The Highwomen's "Crowded Table," an exuberant anthem evoking both the progressive political spirit of 2020 and the longing for connection at the heart of this complicated year, won song of the year Tuesday as part of the 19th annual Americana Honors & Awards.
The prize was part of a three-category sweep by the genre-crossing supergroup, which includes Brandi Carlile (2019's artist of the year), Natalie Hemby, Maren Morris, and Amanda Shires. The four women also won duo/group of the year and album of the year for The Highwomen.
John Prine, Americana music's humble beacon, who died this year from complications of COVID-19, was named artist of the year. Upon his passing, myriad artists whom Prine inspired began an outpouring of tributes that continues to this day, and this award acknowledges the music he was still making up until his final illness, as well as the powerful presence he maintained in Americana circles. Prine's classic songs shed light on the vulnerability and defiant resilience of ordinary, often lonely souls, and this win is particularly poignant coming in the middle of a pandemic that has taken the lives of so many.
Black Pumas, the Austin psychedelic soul group blending soul, funk, rock and Latin elements within a sound that's both future-leaning and historically aware, claimed the award for Best New Artist. Led by polymath producer and guitarist Adrian Quesada and riveting singer and songwriter (and former street musician) Eric Burton, Black Pumas are ascendant: They're also nominated for three Grammys, including best new artist, album of the year and record of the year (for the utopian "Colors").
But the biggest winners were The Highwomen, a strategic alliance uniting longtime Americana favorite Shires with country music paradigm-shifters Morris and Hemby, and multi-genre success story Carlile. The group succeeded in exerting women's power in the country mainstream, hitting No. 1 on Billboard's country albums chart upon its September 2019 release.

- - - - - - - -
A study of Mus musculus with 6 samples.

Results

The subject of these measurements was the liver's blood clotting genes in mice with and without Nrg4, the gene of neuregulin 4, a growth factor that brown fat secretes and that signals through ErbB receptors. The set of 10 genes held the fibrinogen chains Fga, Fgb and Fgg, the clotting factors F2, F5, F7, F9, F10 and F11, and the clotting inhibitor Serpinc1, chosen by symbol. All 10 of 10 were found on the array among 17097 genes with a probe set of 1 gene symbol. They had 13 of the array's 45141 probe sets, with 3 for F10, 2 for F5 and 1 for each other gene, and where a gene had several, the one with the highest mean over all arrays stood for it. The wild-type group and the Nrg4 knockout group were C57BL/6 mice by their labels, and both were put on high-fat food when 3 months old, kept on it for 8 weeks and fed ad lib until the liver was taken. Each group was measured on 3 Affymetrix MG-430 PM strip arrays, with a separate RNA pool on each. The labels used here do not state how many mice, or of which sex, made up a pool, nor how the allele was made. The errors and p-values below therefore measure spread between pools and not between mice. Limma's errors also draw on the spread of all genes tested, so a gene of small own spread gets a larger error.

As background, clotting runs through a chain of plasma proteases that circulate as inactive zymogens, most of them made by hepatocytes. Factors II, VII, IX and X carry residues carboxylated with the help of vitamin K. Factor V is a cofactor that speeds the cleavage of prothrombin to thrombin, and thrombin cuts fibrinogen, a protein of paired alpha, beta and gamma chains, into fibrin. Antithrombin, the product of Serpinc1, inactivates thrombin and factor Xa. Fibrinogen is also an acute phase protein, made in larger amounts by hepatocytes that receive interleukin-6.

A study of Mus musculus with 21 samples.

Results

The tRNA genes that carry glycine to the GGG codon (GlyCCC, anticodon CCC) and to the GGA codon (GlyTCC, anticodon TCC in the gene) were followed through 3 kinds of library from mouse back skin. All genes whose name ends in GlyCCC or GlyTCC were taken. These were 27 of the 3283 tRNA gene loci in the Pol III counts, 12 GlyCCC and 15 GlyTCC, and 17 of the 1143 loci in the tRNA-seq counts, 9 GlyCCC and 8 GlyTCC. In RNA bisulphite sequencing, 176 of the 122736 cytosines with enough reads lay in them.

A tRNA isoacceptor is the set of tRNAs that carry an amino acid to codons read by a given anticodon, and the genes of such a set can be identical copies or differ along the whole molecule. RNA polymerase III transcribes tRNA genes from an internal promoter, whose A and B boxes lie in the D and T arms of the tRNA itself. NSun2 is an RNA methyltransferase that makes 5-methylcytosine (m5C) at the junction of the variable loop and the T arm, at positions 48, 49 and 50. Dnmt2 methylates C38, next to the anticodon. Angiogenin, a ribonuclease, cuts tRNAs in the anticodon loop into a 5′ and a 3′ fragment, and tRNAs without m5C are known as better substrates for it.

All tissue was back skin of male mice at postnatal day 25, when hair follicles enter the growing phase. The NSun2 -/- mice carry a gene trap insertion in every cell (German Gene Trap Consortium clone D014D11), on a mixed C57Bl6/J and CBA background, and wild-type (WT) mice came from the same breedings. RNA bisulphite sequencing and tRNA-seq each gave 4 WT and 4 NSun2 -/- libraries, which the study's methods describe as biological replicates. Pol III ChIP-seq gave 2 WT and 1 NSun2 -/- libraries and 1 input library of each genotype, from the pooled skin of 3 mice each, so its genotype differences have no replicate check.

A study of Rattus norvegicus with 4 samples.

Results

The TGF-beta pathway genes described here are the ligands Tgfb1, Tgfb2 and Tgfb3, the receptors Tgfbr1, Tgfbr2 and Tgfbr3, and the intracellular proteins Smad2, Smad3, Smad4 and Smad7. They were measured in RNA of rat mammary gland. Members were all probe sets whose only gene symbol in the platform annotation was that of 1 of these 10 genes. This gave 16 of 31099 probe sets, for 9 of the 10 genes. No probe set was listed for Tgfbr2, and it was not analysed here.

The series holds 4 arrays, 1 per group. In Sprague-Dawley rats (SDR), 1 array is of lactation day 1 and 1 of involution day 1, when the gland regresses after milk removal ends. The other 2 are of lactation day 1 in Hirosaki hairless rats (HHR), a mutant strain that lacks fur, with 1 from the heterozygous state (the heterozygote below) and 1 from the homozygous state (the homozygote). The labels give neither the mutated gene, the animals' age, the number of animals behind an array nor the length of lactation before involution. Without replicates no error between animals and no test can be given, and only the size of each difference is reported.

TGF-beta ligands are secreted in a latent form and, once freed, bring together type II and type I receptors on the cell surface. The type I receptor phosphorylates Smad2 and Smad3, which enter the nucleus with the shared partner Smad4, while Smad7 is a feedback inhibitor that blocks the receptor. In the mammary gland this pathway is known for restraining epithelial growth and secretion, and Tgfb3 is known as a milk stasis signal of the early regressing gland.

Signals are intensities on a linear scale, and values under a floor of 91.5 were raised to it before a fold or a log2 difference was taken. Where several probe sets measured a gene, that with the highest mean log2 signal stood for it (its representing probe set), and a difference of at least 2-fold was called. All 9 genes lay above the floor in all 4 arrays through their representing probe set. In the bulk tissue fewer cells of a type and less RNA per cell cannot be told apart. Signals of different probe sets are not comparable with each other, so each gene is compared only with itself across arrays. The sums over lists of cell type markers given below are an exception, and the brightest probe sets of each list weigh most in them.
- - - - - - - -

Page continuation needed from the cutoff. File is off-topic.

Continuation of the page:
"Crowded Table," the album's second single, was cowritten by all four members and their close ally, Grammy-winning singer-songwriter Lori McKenna. A celebration of chosen family and a call for spiritual generosity released at a time when evidence of America's cultural divisions was mounting, "Crowded Table" resonates with its refrain, "Everyone's a little broken, and everyone belongs."
It was an abbreviated year for the Americana Honors & Awards, which usually recognizes at least a dozen artist and features live performances during a ceremony at the Ryman Auditorium. The last prize of 2020 went to innovative fiddler Brittany Haas for best instrumentalist of the year. Haas' style brings together traditional "old time" playing with Scandinavian approaches and jazz-informed "freestyle" playing.